Byzantine Foods

Unlike the Romans and earlier Greeks, Byzantine cookbooks seem to be rare indeed. In fact, only very tempting references to Byzantine cooking are found tucked into diplomatic reports and biographies of the Imperial family. We know that the empress Lupincina of the Danube Valley was a cook and that Theodora, wife of Justinian, imported cooks from Persia, India, Syria and the Greek mainland to serve at her court.

In the 10th century Liutprand of Cremona, an ambassador to the Imperial court, made disparaging remarks about refined wine and dishes cooked in oil, although he enjoyed some of the sauces and was impressed by the food at the Imperial table. He especially liked the roast kid stuffed with garlic, leeks and onions and dressed with garon sauce (probably a variety of the Roman garum, that notorious fermented fish sauce).

What did their food taste like? We have a number of earlier Greek cookbooks, such as Gastronomia by Archestratus (5th century B.C.), and we know what Greek cooking is like now. To tie them together we have the work of such scholars as Nicholas Tselementes, who traced back to earlier times such dishes as keftedes (meatballs made with grain), dolmades (grain and/or meat stuffed into vegetables or plant leaves and cooked), moussaka (a layered dish of meat, cheese and pasta or grain), yuvarelakia (meat and/or grain dumplings cooked in broth), and katavia, the Greek version of bouillabaisse. He also traced back to the ancient Greeks the making of white sauce --using flour and fat to thicken a broth or milk mixture. Although some of these dashes are now known to the world by Turkish or European name (even the Greeks call white sauce "béchamel"), their origins are Greek. We know they ate three meals a day --breakfast, midday and supper. They had many fast days. While the lower classes made due with what they could get, the upper classes were served three courses at their midday and supper meals consisting of hors d'oeuvres, a main course of fish or meat and a sweet course. They ate all kinds of meats including pork and numerous types of fowl. They ate large amounts of fish and other seafood. There were many types of soups and stews and salads were popular. They liked a variety of cheeses, and fruits were eaten both fresh or cooked. Fruits included apples, melons, dates, figs, grapes and pomegranates. Almonds, walnuts and pistachios were used in many dishes as well as being eaten by themselves.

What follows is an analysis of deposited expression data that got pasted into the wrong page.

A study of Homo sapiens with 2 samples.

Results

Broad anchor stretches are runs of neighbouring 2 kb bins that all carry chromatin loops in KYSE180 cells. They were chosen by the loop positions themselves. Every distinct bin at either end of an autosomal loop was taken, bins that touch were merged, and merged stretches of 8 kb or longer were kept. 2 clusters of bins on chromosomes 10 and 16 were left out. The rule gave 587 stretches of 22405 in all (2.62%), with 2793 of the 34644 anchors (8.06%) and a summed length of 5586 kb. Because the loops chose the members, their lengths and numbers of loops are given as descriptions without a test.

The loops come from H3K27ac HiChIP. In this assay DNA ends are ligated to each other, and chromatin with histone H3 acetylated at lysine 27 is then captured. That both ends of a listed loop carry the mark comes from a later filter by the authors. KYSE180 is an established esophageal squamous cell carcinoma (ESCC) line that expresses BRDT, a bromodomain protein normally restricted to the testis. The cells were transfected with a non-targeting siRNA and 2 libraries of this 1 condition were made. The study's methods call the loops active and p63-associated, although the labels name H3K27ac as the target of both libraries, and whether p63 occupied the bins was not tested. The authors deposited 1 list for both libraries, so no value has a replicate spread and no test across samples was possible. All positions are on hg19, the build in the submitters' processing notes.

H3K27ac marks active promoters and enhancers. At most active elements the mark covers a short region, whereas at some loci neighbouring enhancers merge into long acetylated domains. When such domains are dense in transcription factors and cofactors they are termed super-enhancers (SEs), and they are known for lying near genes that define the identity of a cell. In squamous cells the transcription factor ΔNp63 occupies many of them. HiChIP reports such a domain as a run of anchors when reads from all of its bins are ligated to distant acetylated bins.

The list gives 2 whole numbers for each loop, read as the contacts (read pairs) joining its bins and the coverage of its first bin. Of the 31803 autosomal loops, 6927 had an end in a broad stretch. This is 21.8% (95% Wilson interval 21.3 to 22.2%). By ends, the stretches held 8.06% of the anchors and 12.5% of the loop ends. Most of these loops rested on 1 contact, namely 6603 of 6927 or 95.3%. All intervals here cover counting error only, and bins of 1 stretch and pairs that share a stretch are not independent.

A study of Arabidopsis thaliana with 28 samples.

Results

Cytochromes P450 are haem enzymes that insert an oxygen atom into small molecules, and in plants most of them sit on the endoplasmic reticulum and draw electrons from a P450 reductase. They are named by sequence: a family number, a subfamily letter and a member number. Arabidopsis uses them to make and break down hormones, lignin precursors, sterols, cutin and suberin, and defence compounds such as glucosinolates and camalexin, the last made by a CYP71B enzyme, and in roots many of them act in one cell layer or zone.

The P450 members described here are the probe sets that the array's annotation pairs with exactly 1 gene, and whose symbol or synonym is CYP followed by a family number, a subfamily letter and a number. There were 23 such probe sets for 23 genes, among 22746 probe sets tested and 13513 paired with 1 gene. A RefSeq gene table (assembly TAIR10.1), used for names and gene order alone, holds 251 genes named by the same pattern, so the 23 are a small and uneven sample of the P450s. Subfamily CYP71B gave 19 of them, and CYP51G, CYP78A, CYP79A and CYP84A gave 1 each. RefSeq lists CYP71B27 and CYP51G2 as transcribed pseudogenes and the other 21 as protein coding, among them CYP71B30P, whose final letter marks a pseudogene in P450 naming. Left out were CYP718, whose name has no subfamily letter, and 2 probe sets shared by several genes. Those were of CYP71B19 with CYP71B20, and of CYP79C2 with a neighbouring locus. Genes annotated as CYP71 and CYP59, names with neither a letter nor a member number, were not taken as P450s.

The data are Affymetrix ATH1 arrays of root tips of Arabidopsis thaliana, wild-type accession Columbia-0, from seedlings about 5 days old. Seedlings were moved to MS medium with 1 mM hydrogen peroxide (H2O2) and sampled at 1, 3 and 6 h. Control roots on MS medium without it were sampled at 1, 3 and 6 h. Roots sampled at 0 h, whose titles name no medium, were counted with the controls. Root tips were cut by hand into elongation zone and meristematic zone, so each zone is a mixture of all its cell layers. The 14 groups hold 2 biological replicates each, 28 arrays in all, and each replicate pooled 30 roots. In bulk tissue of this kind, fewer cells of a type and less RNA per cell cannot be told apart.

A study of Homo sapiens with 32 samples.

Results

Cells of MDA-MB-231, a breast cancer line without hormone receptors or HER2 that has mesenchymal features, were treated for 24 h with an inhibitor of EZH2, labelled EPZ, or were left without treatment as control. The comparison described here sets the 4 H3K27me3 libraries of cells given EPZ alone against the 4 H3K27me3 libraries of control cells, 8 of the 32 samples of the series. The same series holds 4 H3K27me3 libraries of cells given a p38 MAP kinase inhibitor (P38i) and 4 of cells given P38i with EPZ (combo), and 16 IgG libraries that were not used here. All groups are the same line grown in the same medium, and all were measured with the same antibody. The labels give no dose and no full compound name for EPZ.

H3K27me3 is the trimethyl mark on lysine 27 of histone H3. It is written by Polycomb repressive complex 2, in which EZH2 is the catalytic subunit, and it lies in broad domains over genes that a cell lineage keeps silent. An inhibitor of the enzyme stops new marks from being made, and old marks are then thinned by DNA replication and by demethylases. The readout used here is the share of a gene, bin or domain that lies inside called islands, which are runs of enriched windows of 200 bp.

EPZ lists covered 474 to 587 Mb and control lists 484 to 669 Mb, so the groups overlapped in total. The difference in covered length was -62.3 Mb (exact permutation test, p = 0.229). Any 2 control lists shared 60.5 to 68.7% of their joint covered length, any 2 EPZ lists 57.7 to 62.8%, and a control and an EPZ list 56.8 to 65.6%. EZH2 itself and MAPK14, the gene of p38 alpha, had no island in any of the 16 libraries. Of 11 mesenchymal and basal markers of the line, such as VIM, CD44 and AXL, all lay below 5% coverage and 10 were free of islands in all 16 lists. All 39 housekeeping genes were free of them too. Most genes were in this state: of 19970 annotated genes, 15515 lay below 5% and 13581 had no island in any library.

The recipes given here were created by taking modern Greek ones, removing or replacing non-period ingredients and attempting to reconstruct cooking methods. They are the types of dishes that would have been served by the common people or middle classes rather than to the Imperial household.



Avgolemono Sauce




This is a fish soup, which is improved by having as many different varieties of fish as possible. You can make it with salt or fresh water fish, but you will need at least 2 or 4 varieties for he best results.